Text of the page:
Those killed in the Aurora Bridge collision include a 49-year-old woman from Austria, an 18-year-old man from Indonesia, a 36-year-old woman from Japan and a 17-year-old girl from China.


Seven hours of waiting, hoping, agonizing, then realizing the worst.

She had gone to Harborview Medical Center, and kept looking for some kind of list that would have Privando Eduardus Putradanto’s name on it.

“His name wasn’t on any list,” remembered Jonathan Kresnadi, who spent most of that day with the mother.

The list was only of the injured, not those who were killed in the crash, their bodies taken to the Medical Examiner’s Office.

The youth went by the name Ivan, using the middle letters of his first name, and had a different last name from his parents.

Related video: Murray speaks after crash

Mayor Ed Murray spoke Friday morning at North Seattle College after students from four countries were killed in Thursday’s collision on the Aurora Bridge. (Steve Ringman / The Seattle Times)

Ivan had just arrived in Seattle from Jakarta, Indonesia, on Sept. 12. The future was full of possibilities. He was going to become a civil engineer, he told friends.

Instead, he was one of four people killed on a bus full of North Seattle College students on their way to downtown Seattle for an orientation and sightseeing trip on Thursday. The bus was hit by a northbound Ride the Ducks vehicle that suddenly veered into oncoming traffic.

The others who perished were identified by the King County Medical Examiner’s Office Friday as Mami Sato, a 36-year-old woman from Japan; Runjie Song, a 17-year-old girl from China; and Claudia Derschmidt, a 49-year-old woman from Austria.

More than 50 others were either taken to hospitals or evaluated for injuries, according to the Seattle Fire Department. On Friday, hospitals reported the conditions of those remaining: one in critical, 13 in serious, four in satisfactory and eight in good to fair. By Saturday, three patients at Harborview and two patients at University of Washington Medical Center had been moved from intensive care and upgraded to satisfactory condition.

“We just pray”

Ivan came from a close-knit family, with a younger sister.

His mother came with him to Seattle and planned to stay a month at the home that he and five other Indonesian students had rented near North Seattle College. Presumably, it was to help Ivan with the transition, or perhaps because moms just care too much.


Florencia says she was sitting next to Sato, who was killed in the crash.

She escaped with a cracked bone near a shoulder, and has been released from the hospital with her left arm in a sling. Florencia remembered seeing Sato bleeding, with her eyes open, still alive, for a brief time.

Kresnadi runs an Indonesian grocery store and takeout place on Highway 99 in Edmonds, at 223rd Street Southwest. It has become a hangout for kids from the old country here for college.

It’s been Kresnadi whom the Indonesian consulate in San Francisco turned to for help.

He met up with Eva Priaardanto and other parents at the college Thursday and tried to find out what had happened.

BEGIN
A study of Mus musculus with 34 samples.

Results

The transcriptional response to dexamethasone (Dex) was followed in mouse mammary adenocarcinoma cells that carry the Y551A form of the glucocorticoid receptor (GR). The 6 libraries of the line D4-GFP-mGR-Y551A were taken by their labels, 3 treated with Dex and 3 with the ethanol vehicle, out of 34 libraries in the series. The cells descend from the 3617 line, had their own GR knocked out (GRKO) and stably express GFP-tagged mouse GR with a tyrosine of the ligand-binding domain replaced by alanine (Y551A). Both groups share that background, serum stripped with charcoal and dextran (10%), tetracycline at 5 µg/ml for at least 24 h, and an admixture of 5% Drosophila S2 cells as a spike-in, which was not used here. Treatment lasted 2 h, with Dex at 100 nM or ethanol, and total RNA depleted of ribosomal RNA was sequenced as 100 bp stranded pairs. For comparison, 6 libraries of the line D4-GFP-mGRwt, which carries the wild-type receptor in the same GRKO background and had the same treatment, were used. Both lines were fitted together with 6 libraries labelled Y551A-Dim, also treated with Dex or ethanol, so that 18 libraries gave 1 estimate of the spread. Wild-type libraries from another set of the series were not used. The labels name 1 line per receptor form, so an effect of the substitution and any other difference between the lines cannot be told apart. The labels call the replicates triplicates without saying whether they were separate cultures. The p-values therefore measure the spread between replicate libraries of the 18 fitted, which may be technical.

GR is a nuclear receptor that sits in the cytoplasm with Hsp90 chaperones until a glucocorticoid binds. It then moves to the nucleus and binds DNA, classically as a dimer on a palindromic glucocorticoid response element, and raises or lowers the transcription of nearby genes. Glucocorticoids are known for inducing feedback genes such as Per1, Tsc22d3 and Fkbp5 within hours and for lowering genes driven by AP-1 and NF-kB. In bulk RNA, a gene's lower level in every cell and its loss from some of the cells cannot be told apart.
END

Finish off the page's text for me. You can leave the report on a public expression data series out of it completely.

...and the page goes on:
Eventually they made their way to Harborview and waited.

Then a phone call came. It was Seattle police, asking if they could go to the downtown headquarters, that the chief wanted to talk to them.

Kresnadi and the mom knew what would come next.

“She was in shock. She was crying. The police talked to her and she still couldn’t believe it. The mayor came and said he was sorry about what had happened,” said Kresnadi.

The small Indonesia community here rallied around Eva Priaardanto. Pastors came to comfort her. Friday, she was at a downtown hotel.

Ivan’s dad, Columbanus Priaardanto, was in Italy on a business trip. He arrived in Seattle late Friday afternoon.

“We just pray,” said Kresnadi. “Pray for the family. Pray for the son so he can have a better place in heaven.”

Friends, strangers rally

Claudia Derschmidt was an elementary school teacher and mother of two from Austria who had decided to join her 15-year-old son for what is a common rite of passage among many European teens: a semester of study abroad.

Her son was attending Roosevelt High School, and Derschmidt — who had a love of adventure and wanted to improve her English — enrolled at North Seattle College, said Eva Kammel, Austria’s honorary consulate for Washington, Idaho and Montana.

The timing worked out for their family to do it this year, said Kammel. Together, they arrived in the states about two weeks ago.

But Derschmidt’s son will travel home with his mother’s body on Monday, the adventure abandoned.

They had come with a friend of Derschmidt’s son, who planned to stay for a two-week visit, Kammel said.

Kammel said Derschmidt and the two boys had made friends with a Seattle woman with ties to Germany while they were at the Golden Gate Bridge in San Francisco, when they first arrived in the states.

Kammel said that friend is caring for the two boys until they fly home Monday. She said members of the local Austrian community, and Seattleites, have offered overwhelming support.

“They are getting the best loving care they can, but it is absolutely devastating, absolutely terrible,” Kammel said.

On Friday, at Kresnadi’s store, Ivan’s roommates gathered. The group was going to take Indonesian food — rice, beef in spices, curry chicken — to the mom and those comforting her.

Florencia Irena said at the rental home, sitting in the living room, was Ivan’s computer on which he played games. He also liked to play acoustic guitar for his new friends he had only known a week.

“We’re all sad,” said Irena.

As most youths, Ivan was immersed in the digital world.

On Twitter, his last post was this retweet:

“If someone came up to you and handed you a book and you started reading it and realized it was a book about your entire life would you read it until the end?”